Fageol

The company was founded in 1916 to manufacture motor trucks, farm tractors and automobiles in Oakland, California by the Fageol Brothers Frank and William. Just the year before controversial ex-UnitarianMinister Bradford Leavitt and inventor Rolle B Fageol had displayed a “trackless train” at the 1915 San Francisco Panama Pacific Expo. Promoted as the Fageol Auto train the unit featured a Fageol tractor pulling four passenger wagons at almost ground level for safety. (This until is believed to have been the motivation for the 1920’s low slung Safety Coach). Fageol went on to produce two luxury automobiles before WWI interrupted the supply of the Hall-Scott six cylinder engine which was diverted to the war effort for aircraft.  

Fageol produced two luxury automobiles, but production was halted when the supply of Hall-Scott SOHC six-cylinder engines was diverted to build airplanes for the World War I war effort. Fageol went into tractor production after the war. The first one was was sold as a Hamilton model because it had been designed by Rush Hamilton of Healdsville, California. Fageol modified it to make it more compatible with the needs of the West Coast. Hamilton Tractor Company had invented the concept of grouser drive wheels for his tractor  which came with an articulated two wheeled sulky to which wagons or  plows could be attached. The Fageol version was designed by a team led by Horatio Smith with the cooperation of Hamilton who had joined the firm in 1916. In later years when the same concept was used by Fordson tractors the wheels were called “Hamilton Wheels”. In 1923 Fageol sold the tractor business the Great Western Motors Company of San Jose.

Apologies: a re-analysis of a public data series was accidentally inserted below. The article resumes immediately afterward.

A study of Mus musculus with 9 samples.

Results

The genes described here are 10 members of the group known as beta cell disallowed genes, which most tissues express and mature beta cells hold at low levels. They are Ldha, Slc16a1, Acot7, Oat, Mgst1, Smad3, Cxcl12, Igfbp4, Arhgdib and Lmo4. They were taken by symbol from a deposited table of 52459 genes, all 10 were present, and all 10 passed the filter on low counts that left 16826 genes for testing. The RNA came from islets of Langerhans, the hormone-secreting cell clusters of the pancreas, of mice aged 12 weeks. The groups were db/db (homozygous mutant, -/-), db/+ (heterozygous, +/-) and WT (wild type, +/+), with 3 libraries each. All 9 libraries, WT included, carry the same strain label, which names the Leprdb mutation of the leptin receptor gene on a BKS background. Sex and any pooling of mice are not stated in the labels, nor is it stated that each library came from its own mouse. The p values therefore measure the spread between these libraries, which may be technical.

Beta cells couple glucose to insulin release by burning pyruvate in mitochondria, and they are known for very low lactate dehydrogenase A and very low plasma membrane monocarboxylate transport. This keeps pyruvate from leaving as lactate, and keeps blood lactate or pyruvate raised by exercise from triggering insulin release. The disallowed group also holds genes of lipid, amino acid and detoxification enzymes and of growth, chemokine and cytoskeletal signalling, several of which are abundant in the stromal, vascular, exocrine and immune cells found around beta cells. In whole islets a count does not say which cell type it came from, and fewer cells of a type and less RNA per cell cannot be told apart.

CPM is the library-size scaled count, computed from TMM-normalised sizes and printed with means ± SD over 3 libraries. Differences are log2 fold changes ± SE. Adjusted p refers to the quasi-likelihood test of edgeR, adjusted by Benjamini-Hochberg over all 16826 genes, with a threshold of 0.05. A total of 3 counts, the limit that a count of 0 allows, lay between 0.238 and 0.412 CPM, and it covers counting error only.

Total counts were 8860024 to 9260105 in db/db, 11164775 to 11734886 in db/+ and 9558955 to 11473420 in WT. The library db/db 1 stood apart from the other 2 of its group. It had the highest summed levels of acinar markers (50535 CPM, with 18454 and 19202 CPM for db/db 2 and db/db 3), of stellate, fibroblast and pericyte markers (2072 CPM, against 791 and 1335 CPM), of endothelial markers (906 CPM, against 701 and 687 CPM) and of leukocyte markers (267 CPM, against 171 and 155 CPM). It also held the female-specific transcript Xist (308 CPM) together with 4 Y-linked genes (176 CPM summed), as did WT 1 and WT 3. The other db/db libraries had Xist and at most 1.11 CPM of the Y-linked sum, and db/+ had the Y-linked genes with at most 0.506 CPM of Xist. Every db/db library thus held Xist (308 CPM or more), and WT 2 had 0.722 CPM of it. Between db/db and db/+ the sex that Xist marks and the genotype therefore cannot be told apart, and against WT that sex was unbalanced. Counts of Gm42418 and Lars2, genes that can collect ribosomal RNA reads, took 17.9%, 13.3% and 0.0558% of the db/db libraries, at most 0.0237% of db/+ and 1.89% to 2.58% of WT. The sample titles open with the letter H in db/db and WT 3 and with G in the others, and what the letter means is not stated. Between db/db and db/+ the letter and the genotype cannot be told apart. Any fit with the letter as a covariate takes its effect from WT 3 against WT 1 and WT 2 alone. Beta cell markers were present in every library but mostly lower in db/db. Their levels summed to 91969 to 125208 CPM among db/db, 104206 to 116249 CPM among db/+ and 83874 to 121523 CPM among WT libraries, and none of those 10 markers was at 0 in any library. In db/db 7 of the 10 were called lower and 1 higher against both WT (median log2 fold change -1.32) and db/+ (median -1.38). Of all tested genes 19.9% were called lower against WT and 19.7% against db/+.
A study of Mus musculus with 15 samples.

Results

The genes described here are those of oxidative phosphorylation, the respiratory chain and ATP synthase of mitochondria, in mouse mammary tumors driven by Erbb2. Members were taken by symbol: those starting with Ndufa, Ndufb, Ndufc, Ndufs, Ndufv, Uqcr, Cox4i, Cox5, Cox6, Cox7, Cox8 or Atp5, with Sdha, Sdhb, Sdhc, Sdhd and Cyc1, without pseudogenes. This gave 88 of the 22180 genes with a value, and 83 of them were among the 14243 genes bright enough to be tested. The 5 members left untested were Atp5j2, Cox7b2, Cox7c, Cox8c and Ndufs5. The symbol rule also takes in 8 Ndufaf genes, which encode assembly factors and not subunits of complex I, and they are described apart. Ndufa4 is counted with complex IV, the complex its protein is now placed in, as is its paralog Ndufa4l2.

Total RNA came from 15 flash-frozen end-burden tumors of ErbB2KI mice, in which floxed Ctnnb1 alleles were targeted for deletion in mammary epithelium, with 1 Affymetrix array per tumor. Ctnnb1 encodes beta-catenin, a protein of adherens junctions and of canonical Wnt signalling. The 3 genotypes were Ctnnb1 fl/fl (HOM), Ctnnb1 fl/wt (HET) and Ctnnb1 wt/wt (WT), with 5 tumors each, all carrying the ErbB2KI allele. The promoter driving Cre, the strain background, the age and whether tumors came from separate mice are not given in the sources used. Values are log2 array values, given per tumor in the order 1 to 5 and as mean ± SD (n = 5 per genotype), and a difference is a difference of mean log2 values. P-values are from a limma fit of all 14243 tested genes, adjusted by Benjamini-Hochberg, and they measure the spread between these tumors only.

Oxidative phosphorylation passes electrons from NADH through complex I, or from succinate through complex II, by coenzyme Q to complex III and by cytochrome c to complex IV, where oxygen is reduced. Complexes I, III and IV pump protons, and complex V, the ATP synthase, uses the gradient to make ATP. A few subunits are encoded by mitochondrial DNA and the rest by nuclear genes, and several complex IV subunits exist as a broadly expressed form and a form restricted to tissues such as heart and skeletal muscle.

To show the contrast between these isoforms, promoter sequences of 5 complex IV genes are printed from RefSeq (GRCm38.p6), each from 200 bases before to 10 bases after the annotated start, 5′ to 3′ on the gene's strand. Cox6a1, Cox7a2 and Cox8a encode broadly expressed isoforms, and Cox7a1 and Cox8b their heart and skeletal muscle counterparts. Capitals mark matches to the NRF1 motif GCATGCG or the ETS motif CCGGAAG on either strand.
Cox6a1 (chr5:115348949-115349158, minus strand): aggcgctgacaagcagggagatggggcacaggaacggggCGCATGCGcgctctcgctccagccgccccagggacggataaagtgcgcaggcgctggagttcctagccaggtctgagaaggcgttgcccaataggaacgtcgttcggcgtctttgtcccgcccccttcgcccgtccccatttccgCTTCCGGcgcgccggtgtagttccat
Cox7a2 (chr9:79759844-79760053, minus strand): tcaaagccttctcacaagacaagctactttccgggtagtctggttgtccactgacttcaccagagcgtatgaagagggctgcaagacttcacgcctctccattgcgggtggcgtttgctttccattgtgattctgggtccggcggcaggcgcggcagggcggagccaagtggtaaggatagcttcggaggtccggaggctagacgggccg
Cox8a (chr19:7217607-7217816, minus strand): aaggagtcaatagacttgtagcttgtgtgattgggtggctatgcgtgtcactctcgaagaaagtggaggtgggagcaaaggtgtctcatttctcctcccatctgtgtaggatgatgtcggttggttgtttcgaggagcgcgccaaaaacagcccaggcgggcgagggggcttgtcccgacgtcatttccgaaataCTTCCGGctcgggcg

Fageol went on to become the first company in the USA to build a bus from the ground up in 1921. The bus was built lower to the ground for passenger ease with entry and exit and had a wider track to stop it overturning when cornering. It was called the ‘Safety Coach’ . Likewise, Fageol trucks were well built and well received in the industry primarily because of the dual range, mid-mounted transmission which allowed for a wide range of gearing to suit slow speeds, heavy hauling, light loadings and highway running. Fageols  were easily identified by the large number ‘7’ painted on the front of the radiator core.

The Fageol brothers left the company in 1927 to form the Twin Coach Company in Kent, Ohio and fageol was managed by L.H. Bill. It went into receivership and was re-organized under the name Fageol Truck and Coach. by the companies bankers. During this time Fageol played a key roole in the development of the Freightliner truck marquee following a partnership with Consolidated Freightways. In 1938 Fageol was purchased by Al  and by 1939 the first Peterbilt truck was produced in the Fageol tradition of building the best possible product.

In Australia the South Australian Railways (SAR) operated a fleet of Fageol buses converted into railcars. These were initially operated on the SAR 3foot 6 inch narrow gauge Port Lincoln Division, however some were transferred to the South East Division branch line to Kingston, South Australia, prior to the line's conversion to 5foot 3inch broad gauge. The last railcar was ceased operation in 1961.